SNB affirms commitment to EURCHF floor; has FX market “almost completely covered”

SNB affirms commitment to EURCHF floor; has FX market “almost completely covered”

Thomas Jordan, acting chairman of the Swiss National Bank, has restated the central bank’s commitment to maintaining the SFr1.20 floor in EURCHF, which was briefly breached last week.

During a press briefing in Zurich, Jordan said the fact that a few individual transactions took place at less than SFr1.20 last Thursdayhad prompted some to doubt the SNB’s resolve to enforce the minimum exchange rate in EURCHF. “Right from the start I want to make it quite clear such doubts are misplaced,” he said. “The Swiss National Bank is enforcing the minimum exchange rate with all the means at its disposal. We are prepared to buy foreign currency in unlimited quantities for this purpose. In this respect, our policies are totally unchanged.”

Jordan conceded that despite offers to sell the franc being placed in trading systems by the SNB, a few isolated transactions occurred below SFr1.20.

Indeed, he said that the SNB could not cotrol the franc market completely, adding such anomalies "cannot always be excluded".

Jordan maintained, however, that at no point did the best available euro exchange rate fall below the floor.

“For a short time, what is known as a segmented market could be observed, in which transactions below the best price were concluded,” he said. “This situation was remedied within a very few seconds, however, by means of arbitrage.”

The trades below SFr1.20 were concluded by banks that did not have credit lines with the SNB, Jordan said – in other words banks that could not or did not wish to trade with the central bank.

“The SNB was at all times prepared to buy unlimited quantities of euros at SFr1.20 per euro,” he said. “All market participants were at all times aware of this SNB purchase offer, including the banks without an agreement relating to limits.”

Almost completely covered

The SNB said that since the implementation of the floor in September, it had monitored the FX market from the open in Asia on Sunday evening to the market close in New York on Friday without interruption.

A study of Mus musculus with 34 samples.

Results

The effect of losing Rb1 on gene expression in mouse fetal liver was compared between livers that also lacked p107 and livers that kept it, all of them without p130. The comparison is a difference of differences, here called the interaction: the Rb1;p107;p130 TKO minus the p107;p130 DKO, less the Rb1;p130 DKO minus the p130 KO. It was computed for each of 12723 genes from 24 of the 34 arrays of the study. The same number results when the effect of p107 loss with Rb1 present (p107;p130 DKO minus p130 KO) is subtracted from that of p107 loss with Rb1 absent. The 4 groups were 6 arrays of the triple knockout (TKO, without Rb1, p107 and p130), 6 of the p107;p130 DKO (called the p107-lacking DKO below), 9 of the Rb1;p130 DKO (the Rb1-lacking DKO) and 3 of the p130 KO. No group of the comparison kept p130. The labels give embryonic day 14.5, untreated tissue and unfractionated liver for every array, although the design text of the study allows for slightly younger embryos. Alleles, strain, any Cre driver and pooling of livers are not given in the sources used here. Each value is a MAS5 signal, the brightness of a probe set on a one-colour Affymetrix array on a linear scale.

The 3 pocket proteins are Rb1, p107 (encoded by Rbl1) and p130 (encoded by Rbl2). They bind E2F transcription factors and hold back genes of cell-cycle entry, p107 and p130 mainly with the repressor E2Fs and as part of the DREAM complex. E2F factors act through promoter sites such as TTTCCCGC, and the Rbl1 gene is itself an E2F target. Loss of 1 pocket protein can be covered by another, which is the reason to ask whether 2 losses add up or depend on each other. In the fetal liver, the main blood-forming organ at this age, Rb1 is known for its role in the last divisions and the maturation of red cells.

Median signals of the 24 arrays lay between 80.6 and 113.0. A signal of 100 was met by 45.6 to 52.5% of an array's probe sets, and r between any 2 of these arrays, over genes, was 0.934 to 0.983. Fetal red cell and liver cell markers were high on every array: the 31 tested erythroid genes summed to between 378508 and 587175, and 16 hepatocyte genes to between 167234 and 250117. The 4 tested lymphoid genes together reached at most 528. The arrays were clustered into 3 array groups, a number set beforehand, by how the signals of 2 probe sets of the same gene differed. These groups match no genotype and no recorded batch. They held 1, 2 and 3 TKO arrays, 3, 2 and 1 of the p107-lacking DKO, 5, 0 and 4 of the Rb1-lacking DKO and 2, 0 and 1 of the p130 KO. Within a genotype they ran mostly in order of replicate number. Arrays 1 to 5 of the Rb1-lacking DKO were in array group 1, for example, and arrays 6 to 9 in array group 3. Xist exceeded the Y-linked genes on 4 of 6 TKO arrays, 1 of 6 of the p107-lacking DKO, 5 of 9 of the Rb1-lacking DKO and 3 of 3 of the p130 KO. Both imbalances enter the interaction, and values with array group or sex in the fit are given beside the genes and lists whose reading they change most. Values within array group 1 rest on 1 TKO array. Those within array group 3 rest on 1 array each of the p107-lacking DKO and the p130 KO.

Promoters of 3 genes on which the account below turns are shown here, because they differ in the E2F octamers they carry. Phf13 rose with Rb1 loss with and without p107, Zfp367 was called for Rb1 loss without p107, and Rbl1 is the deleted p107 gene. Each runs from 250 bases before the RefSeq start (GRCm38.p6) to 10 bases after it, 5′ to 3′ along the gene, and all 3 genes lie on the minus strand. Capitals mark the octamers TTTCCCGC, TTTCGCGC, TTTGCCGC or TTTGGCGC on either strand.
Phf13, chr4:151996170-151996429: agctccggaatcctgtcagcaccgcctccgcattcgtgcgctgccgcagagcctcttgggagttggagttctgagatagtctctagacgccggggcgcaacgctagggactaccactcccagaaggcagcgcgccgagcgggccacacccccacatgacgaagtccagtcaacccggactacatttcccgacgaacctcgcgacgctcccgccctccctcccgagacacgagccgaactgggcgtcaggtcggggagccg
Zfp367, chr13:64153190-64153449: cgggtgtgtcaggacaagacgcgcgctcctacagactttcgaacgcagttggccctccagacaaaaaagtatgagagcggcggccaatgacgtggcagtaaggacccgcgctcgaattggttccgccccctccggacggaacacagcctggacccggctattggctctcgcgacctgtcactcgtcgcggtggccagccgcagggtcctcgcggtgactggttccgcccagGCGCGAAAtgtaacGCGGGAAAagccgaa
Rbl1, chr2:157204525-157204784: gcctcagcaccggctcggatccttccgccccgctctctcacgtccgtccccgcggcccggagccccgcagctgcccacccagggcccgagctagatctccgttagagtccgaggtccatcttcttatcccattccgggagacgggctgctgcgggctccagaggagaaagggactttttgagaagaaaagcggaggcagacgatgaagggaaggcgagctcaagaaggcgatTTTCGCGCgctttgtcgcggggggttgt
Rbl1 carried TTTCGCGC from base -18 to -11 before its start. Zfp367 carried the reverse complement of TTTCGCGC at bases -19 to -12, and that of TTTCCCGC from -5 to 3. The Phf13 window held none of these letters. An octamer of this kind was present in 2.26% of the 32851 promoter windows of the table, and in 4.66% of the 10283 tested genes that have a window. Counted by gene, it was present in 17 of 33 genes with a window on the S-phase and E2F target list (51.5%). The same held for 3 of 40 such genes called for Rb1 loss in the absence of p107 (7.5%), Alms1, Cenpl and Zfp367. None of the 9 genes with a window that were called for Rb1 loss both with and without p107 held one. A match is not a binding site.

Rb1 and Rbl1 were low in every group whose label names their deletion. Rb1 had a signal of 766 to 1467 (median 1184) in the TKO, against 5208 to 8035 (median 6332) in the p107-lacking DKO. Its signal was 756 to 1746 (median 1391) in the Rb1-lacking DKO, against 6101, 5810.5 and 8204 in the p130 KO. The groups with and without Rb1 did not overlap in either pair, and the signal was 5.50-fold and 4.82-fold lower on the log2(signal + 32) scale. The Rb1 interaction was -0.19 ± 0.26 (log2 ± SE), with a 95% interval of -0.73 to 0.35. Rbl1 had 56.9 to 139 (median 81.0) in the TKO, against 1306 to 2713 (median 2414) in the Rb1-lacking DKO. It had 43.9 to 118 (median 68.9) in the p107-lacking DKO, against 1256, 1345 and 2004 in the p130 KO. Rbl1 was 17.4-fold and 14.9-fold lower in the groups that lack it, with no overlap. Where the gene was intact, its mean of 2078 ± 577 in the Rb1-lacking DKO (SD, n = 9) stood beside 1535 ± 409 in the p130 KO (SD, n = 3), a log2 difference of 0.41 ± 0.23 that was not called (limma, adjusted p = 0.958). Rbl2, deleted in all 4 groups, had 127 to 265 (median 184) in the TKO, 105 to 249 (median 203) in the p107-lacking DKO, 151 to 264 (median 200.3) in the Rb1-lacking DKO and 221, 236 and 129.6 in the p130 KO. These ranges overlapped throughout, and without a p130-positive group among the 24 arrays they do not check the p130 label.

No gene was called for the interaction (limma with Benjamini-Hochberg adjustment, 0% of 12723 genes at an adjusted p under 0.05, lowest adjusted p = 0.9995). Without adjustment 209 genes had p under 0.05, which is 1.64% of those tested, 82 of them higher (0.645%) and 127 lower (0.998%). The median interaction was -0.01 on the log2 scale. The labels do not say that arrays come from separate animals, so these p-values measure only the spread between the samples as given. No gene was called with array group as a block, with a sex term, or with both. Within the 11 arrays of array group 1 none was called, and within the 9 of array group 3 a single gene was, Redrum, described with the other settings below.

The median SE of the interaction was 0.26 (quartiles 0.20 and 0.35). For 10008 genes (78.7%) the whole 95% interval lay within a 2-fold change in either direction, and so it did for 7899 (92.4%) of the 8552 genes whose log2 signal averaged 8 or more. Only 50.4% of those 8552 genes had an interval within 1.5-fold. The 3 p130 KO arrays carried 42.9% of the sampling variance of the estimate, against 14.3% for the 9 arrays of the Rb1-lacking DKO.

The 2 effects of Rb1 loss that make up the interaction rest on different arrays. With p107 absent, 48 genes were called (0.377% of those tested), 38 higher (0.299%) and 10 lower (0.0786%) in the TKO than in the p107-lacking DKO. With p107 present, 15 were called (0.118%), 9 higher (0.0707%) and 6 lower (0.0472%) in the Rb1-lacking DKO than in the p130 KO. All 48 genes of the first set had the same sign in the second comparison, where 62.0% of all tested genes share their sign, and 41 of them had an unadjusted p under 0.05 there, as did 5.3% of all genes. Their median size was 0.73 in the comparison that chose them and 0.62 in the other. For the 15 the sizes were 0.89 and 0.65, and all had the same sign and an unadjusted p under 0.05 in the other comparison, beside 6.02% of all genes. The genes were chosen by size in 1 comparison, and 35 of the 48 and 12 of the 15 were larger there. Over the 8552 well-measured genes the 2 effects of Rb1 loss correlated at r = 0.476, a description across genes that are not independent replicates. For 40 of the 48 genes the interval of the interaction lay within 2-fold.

The central bank said it accepted well over 100 banks with more than 700 trading desks as counterparties.

“Thanks to this network of contacts, the global foreign exchange market is almost completely covered,” said Jordan. “The SNB’s strategy for implementing the minimum exchange rate has proved effective – including in the last few days.”

Jordan maintained that the Swiss franc was still overvalued, a situation that was a substantial challenge for the Swiss economy, adding that the SNB expected the franc to weaken and that it was prepared to take further measures to ward off deflation.

Some expect the SNB to be tested further, however, particularly as signs of renewed concerns over eurozone peripheral debt and escalating tensions over Iran could fuel further haven demand for the franc.

Coinciding with this have been signs – such as figures last week that Swiss CPI rose at twice the rate expected in March – that the Swiss economy is coping with the strength of the franc. This might well have encouraged franc bulls to test the SNB.

Indeed, some observers said it was telling that Jordan felt the need to clarify how it was possible that some trades occurred under the SNB’s EURCHF floor.

Simon Smith, chief economist at FxPro, said it was true that the FX market was not perfect and remained an over-the-counter market in which there was no central exchange to bring together buyers and sellers. “But this breach, setting aside the technicalities and together with the fact that the SNB is currently without a permanent president, means that the central bank is under increased pressure – more than would be the case otherwise – to successfully defend the level on a continuous basis.”

In addition, Smith said, the fact that EURCHF has traded within 1% of SFr1.20 for nearly all of this year underlined the fact that economic fundamentals were not in the SNB’s favour and that the central bank’s efforts to rein in the franc were not without cost.

As Smith says, otherwise the SNB would use intervention to take EURCHF a safe distance away from its SFr1.20 floor.